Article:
Taking Five 

A look at a handful of recent discs you might have missed

A look at a handful of recent discs you might have missed

Ass Ponys, Lohio (Checkered Past) On last year’s Some Stupid With a Flair Gun, it was robots coming through the corn, Scatman Crothers’ extra nipple, and the devil’s minions run amok. This time it’s an oracular blind girl, John Carradine in Kung Fu, and bugs singing louder than God. Chimerical? You bet, but such is life in the zonked-out universe of head Ass Pony Chuck Cleaver, who apart from the odd nod to the Holy Modal Rounders and Safe as Milk-era Beefheart, still sounds a lot like Pere Ubu’s equally quixotic David Thomas fronting The Band. And it would all be a bit much—over the top, even—if Cleaver’s Vonnegut-like takes on human foibles weren’t so funny and spot-on. And empathetic. Cleaver not only knows how it feels to be a loser or, as he puts it, a “pot-licked, limp-dicked butterfly”; his heart goes out to everyone who’s been there too.

Missy Elliott, Miss E...So Addictive (The Gold Mind Inc./Elektra) “I know some of y’all sick of songs you be hearin’ on the radio / So me and Timbaland gonna give you shit you never heard before,” Missy boasts to open her third and latest opus. Well, I wouldn’t go that far. But from the Next Power Generation grooves of “Dog in Heat” and updated synth-funk of “Old School Joint,” to the Bhangra beatz of “Get Ur Freak On” and trippy electro-hop of “Lick Shots,” the crazy rhythms she and co-creator Tim quilt together here are as fresh and kaleidoscopic as any out there. Elliott also raps less and sings more on this record, her sultry, natural-woman coos and commands no doubt keeping Mary J. Blige, the reigning queen of hip-hop soul, looking over her shoulder. The obligatory guests abound as well, but this is Missy and Tim’s affair, and despite the occasionally irksome between-song skits, it more than lives up to its title. It’s also the steamiest between-the-sheets record since D’Angelo’s Voodoo, something of a sampledelic cross between “Sexual Healing” and Dirty Mind. That, and it does a body good to see the Divine Miss E laying claim to sex goddess status for zaftig sisters everywhere.

Barbara Manning and the Go-Luckys!, You Should Know by Now (Innerstate) Depending on how you score it, this is either Manning’s fifth or sixth band since the mid-’80s, and her first since moving to Germany a couple years ago. It’s also her first album of nearly all original material since 1989’s solo Lately I Keep Scissors, one perfect gray blanket of a record that every rainy-day girl or boy could relate to. Manning has never been one to keep secrets, and here, among other things, she lets us in on everything from an episode of alfresco lovemaking to the myriad ways she’s learned that one and one don’t make two. But lest you take her musings for shoegazing singer-songwriter fare, this is a band record, with the transcontinental Go-Luckys! tossing off buzz-saw punk, Wire-inspired angularities, and autumn-hued Kiwi pop with equal, and decidedly DIY, aplomb. They even tackle a Tin Pan Alley rewrite, and “Goof on the Roof,” a tomboy take-off of The Drifters’ hit “Up on the Roof,” proves Manning can come up with Brill Building chestnuts of her own.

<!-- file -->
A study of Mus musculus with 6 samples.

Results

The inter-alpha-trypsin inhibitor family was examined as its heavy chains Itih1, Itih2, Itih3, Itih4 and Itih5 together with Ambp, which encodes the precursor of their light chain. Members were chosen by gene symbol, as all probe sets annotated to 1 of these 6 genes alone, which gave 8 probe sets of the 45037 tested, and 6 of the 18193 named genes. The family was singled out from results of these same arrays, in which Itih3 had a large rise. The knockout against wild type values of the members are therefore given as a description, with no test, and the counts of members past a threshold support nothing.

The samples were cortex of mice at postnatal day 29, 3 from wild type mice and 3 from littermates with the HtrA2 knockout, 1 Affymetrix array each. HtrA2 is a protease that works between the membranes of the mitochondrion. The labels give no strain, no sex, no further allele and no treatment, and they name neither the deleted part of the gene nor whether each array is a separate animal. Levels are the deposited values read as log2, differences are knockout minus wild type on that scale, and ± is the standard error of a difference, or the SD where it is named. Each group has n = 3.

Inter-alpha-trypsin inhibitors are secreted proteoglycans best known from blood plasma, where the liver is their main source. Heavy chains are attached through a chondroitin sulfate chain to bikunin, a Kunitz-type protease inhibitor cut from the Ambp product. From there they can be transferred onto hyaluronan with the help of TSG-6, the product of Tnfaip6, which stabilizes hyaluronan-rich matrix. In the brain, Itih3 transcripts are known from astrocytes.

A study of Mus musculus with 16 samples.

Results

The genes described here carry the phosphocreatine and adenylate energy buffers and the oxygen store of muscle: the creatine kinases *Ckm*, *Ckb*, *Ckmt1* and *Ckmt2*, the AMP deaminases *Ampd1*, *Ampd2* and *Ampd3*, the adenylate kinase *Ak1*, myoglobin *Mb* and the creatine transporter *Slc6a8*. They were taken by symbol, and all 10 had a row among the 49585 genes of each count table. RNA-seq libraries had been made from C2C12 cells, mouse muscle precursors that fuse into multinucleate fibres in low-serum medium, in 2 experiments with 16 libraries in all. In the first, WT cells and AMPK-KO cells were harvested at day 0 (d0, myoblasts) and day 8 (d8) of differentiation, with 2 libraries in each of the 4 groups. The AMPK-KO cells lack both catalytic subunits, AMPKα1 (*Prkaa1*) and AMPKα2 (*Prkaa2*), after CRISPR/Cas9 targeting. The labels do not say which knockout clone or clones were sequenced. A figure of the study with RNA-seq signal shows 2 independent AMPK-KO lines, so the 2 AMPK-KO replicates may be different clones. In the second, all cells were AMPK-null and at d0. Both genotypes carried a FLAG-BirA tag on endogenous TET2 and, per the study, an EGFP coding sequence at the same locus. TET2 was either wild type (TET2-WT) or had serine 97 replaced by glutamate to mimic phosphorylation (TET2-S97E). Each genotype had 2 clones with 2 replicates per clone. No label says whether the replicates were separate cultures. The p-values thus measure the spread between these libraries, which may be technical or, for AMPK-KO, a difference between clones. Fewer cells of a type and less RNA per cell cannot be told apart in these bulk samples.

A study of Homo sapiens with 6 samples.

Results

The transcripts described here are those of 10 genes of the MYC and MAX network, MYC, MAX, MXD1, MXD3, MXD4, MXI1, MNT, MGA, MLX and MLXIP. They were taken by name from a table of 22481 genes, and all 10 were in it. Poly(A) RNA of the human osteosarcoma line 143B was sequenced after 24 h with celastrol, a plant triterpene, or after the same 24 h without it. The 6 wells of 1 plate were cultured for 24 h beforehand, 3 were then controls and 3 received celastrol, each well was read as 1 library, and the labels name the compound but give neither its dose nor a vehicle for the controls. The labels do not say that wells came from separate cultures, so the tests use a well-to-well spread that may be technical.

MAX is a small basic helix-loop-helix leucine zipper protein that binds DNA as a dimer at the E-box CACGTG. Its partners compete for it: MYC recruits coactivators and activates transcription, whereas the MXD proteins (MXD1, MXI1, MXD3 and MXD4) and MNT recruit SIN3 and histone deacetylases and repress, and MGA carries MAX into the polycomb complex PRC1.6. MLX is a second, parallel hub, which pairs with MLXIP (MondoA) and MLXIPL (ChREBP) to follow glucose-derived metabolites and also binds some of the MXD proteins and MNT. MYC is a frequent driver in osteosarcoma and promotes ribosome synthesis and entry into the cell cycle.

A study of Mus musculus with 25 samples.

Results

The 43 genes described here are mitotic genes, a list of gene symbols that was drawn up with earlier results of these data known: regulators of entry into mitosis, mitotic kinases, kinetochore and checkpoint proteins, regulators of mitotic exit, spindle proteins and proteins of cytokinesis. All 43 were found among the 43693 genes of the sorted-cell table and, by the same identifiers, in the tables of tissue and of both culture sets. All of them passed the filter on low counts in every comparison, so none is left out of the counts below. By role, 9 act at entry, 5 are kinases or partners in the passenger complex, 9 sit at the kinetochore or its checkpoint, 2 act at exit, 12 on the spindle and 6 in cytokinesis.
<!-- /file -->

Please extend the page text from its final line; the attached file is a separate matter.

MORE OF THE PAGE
Various, Avalon Blues: A Tribute to the Music of Mississippi John Hurt (Vanguard) Critics like to dicker over the relative merits of the 1928 sides Hurt cut for Paramount and those he made for Vanguard after his “rediscovery” in 1963, but theirs is a petty and, ultimately, pointless polemic. Truth is, every note Hurt played and sang, music as sprightly and lyrical as Howlin’ Wolf’s is declamatory and brood-ing, exudes the sly humor, wry insouciance, and irrepressible grace that defined Mississippi John. The best of what’s here—and much of it is good—comes from pickers and singers who understand as much, notably Steve and Justin Earle’s romp through “Candy Man” and the way Mark Selby plays the randy backdoor man on “Make Me a Pallet on Your Floor.” Geoff Muldaur and daughters Jenni and Claire get into the spirit with the barnyard hokum of “Chicken,” while pros like Chris Smither, Taj Mahal, and Alvin Youngblood Hart sound like they’ve been doing Hurt’s songs their entire lives. On the down side, there’s Bill Morrissey’s borderline blackface on “Pay Day” and Beck’s phlegmatic pass at “Stagolee.” And it’s tempting to cavil about Victoria Williams’ creaky, naïf-like rendering of “Since I’ve Laid My Burden Down.” But when she squawks “No more sickness, no more sorrow,” she’s not mugging for the cheap seats so much as reciting a prayer she’s uttered each and every day she’s lived with MS.

Continental Drifters, Better Day (Razor & Tie) This Nawlins collective’s luminous Vermilion traded on hooks and pathos, but nearly half of this middling follow-up relies on AOR-ish rock riffs and lyric readymades like “I’m gonna pay my bills and stand where I stand / And maybe even start a little rock ’n’ roll band.” Fortunately, their trademark harmonies are still in full effect, and thanks to songs from Psycho Sisters Susan Cowsill and Vicki Peterson, the record’s better half more than justifies the Drifters’ rep as the best, if hardly best-known, roots-pop band in the land. Particularly winning is Peterson’s righteous kiss-off “Na Na” and her waltzing, accordion-flecked “That Much a Fool.” Cowsill, though, is clearly the “star” of this one, chipping in four gut-wrenching ballads, all sung in her chill-inducing, soul-on-ice alto. “I had heart and I had soul / If I wanted to, I could even make it snow,” she pines at one point, longing for better days. I don’t know about snow, but when on the Dusty Springfield-inspired “Peaceful Waking” she wails, “I can’t stand here and I can’t take this and I can’t make this alone,” her ravaged cry sure as hell brings the rain.